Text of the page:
One of the key themes facing Multicultural Marketing is whether specialized agencies (e.g. Hispanic, African-American) have an advantage over “general market players (btw: check out the heated debate during a panel during the last edition of Portada’s conference ” Are Multicultural Media Buying Agencies Necessary?). Perhaps for creative agencies the argument for strong Multicultural/Hispanic insights is even stronger than for media buying. That is why we thought it would be a good idea to interview, Isaac Mizrahi, Co President, Chief Operating Officer, ALMA, a leading (creative) agency that exclusively specializes in Hispanic marketing.
Portada: You seem to have the opinion that brands are more focused on efficiency than on effectiveness. Why do you think that is the case?
Isaac Mizrahi, Co-President, COO, Alma: “Just to be clear, we believe efficiency and effectiveness should always go hand in hand when working on any marketing communications plan. The problem is when there’s prioritization toward efficiency and most of the focus is on the delivery of the message to consumers and not so much on how effective the message is, in the short-term and in the long-term from a brand building perspective.No matter how great the placement of your message is or how low your CPM, CPP, CTR or any metric you use to evaluate efficiency of your plan could be, none of this actually helps your brand if your message is weak, doesn’t connect with consumers or doesn’t make them react to your brand. In a world full of clutter, only the strong brands survive, and this is achieved only by crafting relevant and insight-based creative messages.”
Portada: Can you provide examples (perhaps in a certain category) that reflect how an exclusive focus on efficiency can be detrimental for ROI and sales?
I.M: “Categories with high competition and low clear brand differentiation are the ones who tend to suffer the most from this strategic mistake. In these categories, you either differentiate your brand by adding relevant benefits and imagery attributes into it or you are simply forced to heavily discount your margin to buy short-term volume.”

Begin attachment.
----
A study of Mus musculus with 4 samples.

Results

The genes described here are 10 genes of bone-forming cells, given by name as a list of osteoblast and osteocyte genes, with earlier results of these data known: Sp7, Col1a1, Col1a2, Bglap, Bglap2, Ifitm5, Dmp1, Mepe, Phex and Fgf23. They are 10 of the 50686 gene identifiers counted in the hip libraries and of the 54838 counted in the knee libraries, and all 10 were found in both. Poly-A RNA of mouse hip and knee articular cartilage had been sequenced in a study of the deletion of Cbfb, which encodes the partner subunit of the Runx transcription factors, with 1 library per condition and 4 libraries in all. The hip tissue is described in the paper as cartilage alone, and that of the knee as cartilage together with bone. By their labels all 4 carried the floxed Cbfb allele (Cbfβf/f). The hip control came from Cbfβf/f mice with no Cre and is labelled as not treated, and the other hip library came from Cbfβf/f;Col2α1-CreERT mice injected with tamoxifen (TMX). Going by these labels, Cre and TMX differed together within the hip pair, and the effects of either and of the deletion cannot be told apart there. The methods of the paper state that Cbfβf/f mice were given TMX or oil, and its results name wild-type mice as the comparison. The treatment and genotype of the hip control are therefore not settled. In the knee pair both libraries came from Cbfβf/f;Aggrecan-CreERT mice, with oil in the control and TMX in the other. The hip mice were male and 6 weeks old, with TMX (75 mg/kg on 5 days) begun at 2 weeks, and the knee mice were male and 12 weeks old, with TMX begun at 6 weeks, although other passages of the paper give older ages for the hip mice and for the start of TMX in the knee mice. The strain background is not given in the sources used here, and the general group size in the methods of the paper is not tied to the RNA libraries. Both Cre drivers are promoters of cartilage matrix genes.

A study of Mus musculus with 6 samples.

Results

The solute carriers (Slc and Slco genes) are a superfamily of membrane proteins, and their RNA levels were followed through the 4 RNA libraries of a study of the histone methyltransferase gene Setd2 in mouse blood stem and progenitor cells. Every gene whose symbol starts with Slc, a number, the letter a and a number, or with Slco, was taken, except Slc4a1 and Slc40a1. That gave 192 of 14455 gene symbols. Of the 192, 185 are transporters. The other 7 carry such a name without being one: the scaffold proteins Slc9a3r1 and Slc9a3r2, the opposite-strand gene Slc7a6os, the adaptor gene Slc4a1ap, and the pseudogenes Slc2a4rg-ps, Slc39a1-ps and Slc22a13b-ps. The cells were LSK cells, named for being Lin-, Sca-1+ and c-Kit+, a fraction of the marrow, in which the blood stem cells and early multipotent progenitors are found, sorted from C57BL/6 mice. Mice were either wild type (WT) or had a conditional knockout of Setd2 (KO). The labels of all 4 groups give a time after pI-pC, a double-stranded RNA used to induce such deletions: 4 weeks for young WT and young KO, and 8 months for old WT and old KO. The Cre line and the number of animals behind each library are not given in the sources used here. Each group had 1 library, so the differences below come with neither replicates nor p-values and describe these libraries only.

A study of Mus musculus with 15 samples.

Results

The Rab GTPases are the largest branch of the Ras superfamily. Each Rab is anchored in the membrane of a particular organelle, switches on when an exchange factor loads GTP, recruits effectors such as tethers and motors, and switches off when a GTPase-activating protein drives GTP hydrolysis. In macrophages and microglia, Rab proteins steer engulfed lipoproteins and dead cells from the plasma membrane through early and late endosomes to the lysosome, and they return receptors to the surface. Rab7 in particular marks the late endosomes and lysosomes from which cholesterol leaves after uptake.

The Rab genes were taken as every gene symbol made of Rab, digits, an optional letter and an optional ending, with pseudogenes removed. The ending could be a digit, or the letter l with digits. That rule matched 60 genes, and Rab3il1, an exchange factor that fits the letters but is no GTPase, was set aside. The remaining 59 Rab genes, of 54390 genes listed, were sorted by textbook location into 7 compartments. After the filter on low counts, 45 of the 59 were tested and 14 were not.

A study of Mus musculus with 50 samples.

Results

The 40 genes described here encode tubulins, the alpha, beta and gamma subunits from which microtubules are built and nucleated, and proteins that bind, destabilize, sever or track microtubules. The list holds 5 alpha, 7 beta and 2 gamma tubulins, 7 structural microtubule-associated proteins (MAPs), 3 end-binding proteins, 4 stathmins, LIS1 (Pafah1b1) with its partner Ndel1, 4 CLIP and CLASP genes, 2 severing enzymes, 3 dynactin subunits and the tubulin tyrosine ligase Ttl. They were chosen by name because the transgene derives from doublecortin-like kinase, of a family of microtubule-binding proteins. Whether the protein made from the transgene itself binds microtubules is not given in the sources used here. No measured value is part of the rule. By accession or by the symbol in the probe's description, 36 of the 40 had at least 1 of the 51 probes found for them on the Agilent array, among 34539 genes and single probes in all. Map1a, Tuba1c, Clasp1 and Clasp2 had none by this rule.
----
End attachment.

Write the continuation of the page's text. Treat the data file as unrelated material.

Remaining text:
We see brands that decided to significantly reduce or even eliminate their segment-specific programs, suffering deep sales and market share losses.
Portada: Why do you think a Hispanic specific agency has a better chance to deliver to clients than a general market agency?
I.M: “Hispanic agencies have something general market agencies don’t have when it comes to the Hispanic segment – specialization. It is curious to observe that in our society specialization is a characteristic that is not only appreciated but also commands a premium value. Think about the medical field where a cardiologist is highly preferred to a general physician if you have a heart problem. Specialized agencies bring extreme focus to the Hispanic segment, following its trends, assessing what works and what doesn’t work, understanding how a story is created and told to the segment through cultural lenses. That’s very different from an agency that doesn’t have that focus and tries to replace it with the idea of one single creative concept, created by non-Hispanics and translated and adapted by a couple of Hispanic professionals to create the perception of inclusion.Today’s marketplace is more fragmented; it creates more opportunities by further slicing and dicing segments and clusters. The idea of one-size-fits-all goes against this trend and sends us back to how marketing to the Hispanic segment was done in the ‘70s and ‘80s, truly being a “forward to the past” strategy. We do believe that there’s room for collaboration and integration between the general market and Hispanic agencies. The challenge is when this integration is forced by design for the sake of integration and efficiencies at the expense of relevancy, consumer insights and effectiveness.”
Portada: Do you think Trump’s victory implies that Total Market may not be the best approach to target Hispanic consumers or multicultural?
I.M: “We believe that, for the past few months, Total Market is being questioned given the limited results when it comes to delivering growth, and this is a trend independent from this year’s elections. We see brands that decided to significantly reduce or even eliminate their segment-specific programs, suffering deep sales and market share losses. Some of these brands are starting to reverse their approach by adopting a more contemporary strategy of investing on segment-specific strategies and, at the same time, injecting more inclusive and multicultural insights on their general market approach. This is what we call “The Power of AND.”